Madeleine Albright, right, joins Hilary Clinton, left, in Concord, N.H. on Feb. 6, 2016.
Daniel Acker—Getty Images
By Elise Jordan
February 9, 2016
IDEAS
Jordan is an NBC News/MSNBC political analyst and a TIME columnist

Today in New Hampshire I expect Bernie Sanders to win an overwhelming majority of the votes of young women. As a libertarian, I believe that voting for Sanders, whose proposals could add up to $18 trillion in debt, is a terrible decision. But as a woman, I can’t fault them for wanting to send a message to the Hillary Clinton school of feminism and its followers.

Clinton’s entire campaign seems to rest on two biographical points: her résumé and her gender. The assumption was that women would come out in droves to make history by electing her America’s first woman President. When it became clear that women under 35 had other ideas, she brought out the heavy artillery.

Unfortunately, it’s not working. Some in Clinton’s camp appear to have no idea how clueless they sound. Most recently, former Secretary of State Madeleine Albright and feminist icon Gloria Steinem gave voice to their frustration with young women declining to anoint Clinton.

“We can tell our story of how we climbed the ladder, and a lot of you younger women think it’s done,” Albright said in her introduction of Clinton at a New Hampshire rally. “It’s not done. There’s a special place in hell for women who don’t help each other!” I like the idea of women sticking together, but by this logic Albright would be compelled to support Carly Fiorina — a woman whose presidency is a terrifying prospect no matter your party affiliation. Albright defended her remarks to TIME, saying her remarks were taken out of context and that she has repeatedly used the place-in-hell quote.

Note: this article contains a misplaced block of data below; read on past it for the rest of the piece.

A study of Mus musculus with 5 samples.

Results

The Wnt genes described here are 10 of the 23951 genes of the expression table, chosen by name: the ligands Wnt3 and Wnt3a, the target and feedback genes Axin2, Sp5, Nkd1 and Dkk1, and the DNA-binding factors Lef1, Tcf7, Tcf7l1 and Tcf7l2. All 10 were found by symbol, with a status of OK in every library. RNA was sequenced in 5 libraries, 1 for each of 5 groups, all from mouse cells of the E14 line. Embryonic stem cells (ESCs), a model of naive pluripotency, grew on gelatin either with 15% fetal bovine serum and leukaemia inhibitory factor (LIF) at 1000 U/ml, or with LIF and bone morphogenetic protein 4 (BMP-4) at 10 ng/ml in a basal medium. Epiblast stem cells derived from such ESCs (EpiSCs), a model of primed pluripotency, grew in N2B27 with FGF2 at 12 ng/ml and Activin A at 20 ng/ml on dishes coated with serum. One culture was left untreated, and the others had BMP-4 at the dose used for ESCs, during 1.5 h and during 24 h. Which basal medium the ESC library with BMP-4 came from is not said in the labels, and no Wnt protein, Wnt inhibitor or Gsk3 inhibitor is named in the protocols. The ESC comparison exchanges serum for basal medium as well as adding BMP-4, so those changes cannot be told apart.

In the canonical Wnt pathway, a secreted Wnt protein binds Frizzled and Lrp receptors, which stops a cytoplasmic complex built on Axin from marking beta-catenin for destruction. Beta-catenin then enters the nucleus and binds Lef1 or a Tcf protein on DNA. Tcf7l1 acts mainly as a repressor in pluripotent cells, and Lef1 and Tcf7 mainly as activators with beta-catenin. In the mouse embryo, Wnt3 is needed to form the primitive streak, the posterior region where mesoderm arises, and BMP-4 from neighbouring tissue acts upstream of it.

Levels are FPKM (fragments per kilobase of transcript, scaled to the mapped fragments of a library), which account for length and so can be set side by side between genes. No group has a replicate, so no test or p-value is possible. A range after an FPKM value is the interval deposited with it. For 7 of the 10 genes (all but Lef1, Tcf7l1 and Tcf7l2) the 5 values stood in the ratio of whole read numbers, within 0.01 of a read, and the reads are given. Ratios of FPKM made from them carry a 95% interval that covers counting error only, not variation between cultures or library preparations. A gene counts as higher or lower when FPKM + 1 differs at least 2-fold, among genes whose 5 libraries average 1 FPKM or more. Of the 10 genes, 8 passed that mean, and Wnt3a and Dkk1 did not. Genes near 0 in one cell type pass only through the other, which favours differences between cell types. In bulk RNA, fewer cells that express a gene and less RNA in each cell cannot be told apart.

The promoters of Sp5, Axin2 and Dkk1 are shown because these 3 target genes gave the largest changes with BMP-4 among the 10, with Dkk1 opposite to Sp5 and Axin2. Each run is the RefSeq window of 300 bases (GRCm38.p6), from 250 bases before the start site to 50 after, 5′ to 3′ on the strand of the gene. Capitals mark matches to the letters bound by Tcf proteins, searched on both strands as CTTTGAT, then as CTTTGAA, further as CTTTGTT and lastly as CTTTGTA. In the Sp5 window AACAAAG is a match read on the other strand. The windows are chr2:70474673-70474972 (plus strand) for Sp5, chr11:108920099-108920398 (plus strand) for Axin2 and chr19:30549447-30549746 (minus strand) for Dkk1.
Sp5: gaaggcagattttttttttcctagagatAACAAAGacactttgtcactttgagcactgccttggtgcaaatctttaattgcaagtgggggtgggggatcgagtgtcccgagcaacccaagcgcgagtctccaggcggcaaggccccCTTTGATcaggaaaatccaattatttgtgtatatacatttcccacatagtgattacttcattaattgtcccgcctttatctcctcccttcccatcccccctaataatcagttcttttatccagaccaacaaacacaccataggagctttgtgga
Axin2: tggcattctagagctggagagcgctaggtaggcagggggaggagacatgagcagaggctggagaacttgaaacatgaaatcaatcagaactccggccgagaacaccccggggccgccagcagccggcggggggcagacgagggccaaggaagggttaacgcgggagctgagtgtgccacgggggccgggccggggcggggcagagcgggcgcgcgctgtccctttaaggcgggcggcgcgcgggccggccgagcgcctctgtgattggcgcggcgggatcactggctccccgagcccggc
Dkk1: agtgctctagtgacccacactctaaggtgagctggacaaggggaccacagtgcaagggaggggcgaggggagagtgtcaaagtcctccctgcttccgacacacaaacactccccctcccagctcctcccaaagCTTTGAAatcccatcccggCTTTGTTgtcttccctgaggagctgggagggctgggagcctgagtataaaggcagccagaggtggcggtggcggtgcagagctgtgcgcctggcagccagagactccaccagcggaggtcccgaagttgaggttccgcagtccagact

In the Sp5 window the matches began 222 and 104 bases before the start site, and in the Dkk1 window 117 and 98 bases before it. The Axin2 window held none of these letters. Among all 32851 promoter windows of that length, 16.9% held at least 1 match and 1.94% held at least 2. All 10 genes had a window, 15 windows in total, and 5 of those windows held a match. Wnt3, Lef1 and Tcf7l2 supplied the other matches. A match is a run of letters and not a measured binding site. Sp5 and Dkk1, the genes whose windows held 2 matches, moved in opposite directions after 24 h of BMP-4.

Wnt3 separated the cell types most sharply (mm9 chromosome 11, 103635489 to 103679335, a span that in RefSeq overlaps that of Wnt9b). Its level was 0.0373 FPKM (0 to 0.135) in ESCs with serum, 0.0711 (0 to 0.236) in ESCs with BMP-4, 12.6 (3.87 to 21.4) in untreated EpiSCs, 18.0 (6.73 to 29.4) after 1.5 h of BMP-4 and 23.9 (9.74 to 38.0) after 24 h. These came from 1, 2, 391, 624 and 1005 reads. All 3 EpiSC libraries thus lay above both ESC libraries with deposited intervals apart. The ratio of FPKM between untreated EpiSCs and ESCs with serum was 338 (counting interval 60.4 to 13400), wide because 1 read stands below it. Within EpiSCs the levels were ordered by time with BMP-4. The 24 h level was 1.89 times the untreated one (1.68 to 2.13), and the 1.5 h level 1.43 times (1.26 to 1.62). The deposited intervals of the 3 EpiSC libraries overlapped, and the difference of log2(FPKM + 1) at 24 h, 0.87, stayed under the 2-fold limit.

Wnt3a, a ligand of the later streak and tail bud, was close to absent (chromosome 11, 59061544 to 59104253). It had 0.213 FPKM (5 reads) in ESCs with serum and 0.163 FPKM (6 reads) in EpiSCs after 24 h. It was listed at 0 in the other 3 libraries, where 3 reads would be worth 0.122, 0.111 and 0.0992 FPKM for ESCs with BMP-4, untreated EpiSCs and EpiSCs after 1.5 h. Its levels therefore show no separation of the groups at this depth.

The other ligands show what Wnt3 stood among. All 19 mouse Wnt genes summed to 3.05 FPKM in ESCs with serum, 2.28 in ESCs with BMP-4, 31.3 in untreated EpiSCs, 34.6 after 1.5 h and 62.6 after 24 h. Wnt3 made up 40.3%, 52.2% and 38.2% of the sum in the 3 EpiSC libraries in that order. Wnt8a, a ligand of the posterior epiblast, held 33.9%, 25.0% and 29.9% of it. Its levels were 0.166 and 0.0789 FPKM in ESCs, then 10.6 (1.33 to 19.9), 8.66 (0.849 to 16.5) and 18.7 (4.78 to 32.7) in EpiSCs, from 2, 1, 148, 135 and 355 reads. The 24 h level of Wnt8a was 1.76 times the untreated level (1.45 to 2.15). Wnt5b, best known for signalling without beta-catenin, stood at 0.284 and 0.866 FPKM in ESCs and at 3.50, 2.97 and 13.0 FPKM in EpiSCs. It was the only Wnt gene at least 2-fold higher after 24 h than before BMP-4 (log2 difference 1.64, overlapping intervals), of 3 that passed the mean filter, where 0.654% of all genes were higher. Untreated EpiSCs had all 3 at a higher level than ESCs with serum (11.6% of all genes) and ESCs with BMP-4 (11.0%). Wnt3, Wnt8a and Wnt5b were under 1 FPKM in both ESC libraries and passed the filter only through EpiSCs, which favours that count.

At least Albright didn’t belittle the motives of young women supporting Sanders. Steinem suggested to Bill Maher that female supporters were flocking to the Vermont Senator out of a desire to chase men — the so-called Bernie bros, as they’ve been nicknamed. Maher — not exactly known for his own friendliness toward women — recoiled, telling her, “If I said that … you’d swat me.” Steinem apologized for her remarks two days later.

Apparently, feminism in 2016, as defined by Albright and Steinem, does not include the freedom to make your own choices. And that’s where they part ways with their millennial counterparts. To the younger generation, there are still policy battles to be won, notably on equal pay, but feminism’s fundamental fight is for personal freedom. Women deserve every right enjoyed by all citizens under the Constitution — nothing more, nothing less.

Young women will gladly — and, I suspect, easily — elect a woman President as soon as they find one they admire. Feminism taught women to be strong, stand up for themselves, think for themselves and not let anyone push them around — and that’s exactly why we are seeing backlash against the assumption women will blindly fall in line.

While I couldn’t be more grateful for most of what Steinem accomplished, I can’t follow her lead on the subject of Hillary Clinton. I think women have an obligation to elect not just any woman but the right woman. That woman is not Hillary Clinton.

It’s perfectly acceptable for Steinem and Albright to stump on behalf of Hillary Clinton. I’ve worked in politics. I get it. But as the battle for real equality continues, they’d be doing their own legacies a disservice if they let their advocacy for one woman blind them to the heartfelt concerns of so many others.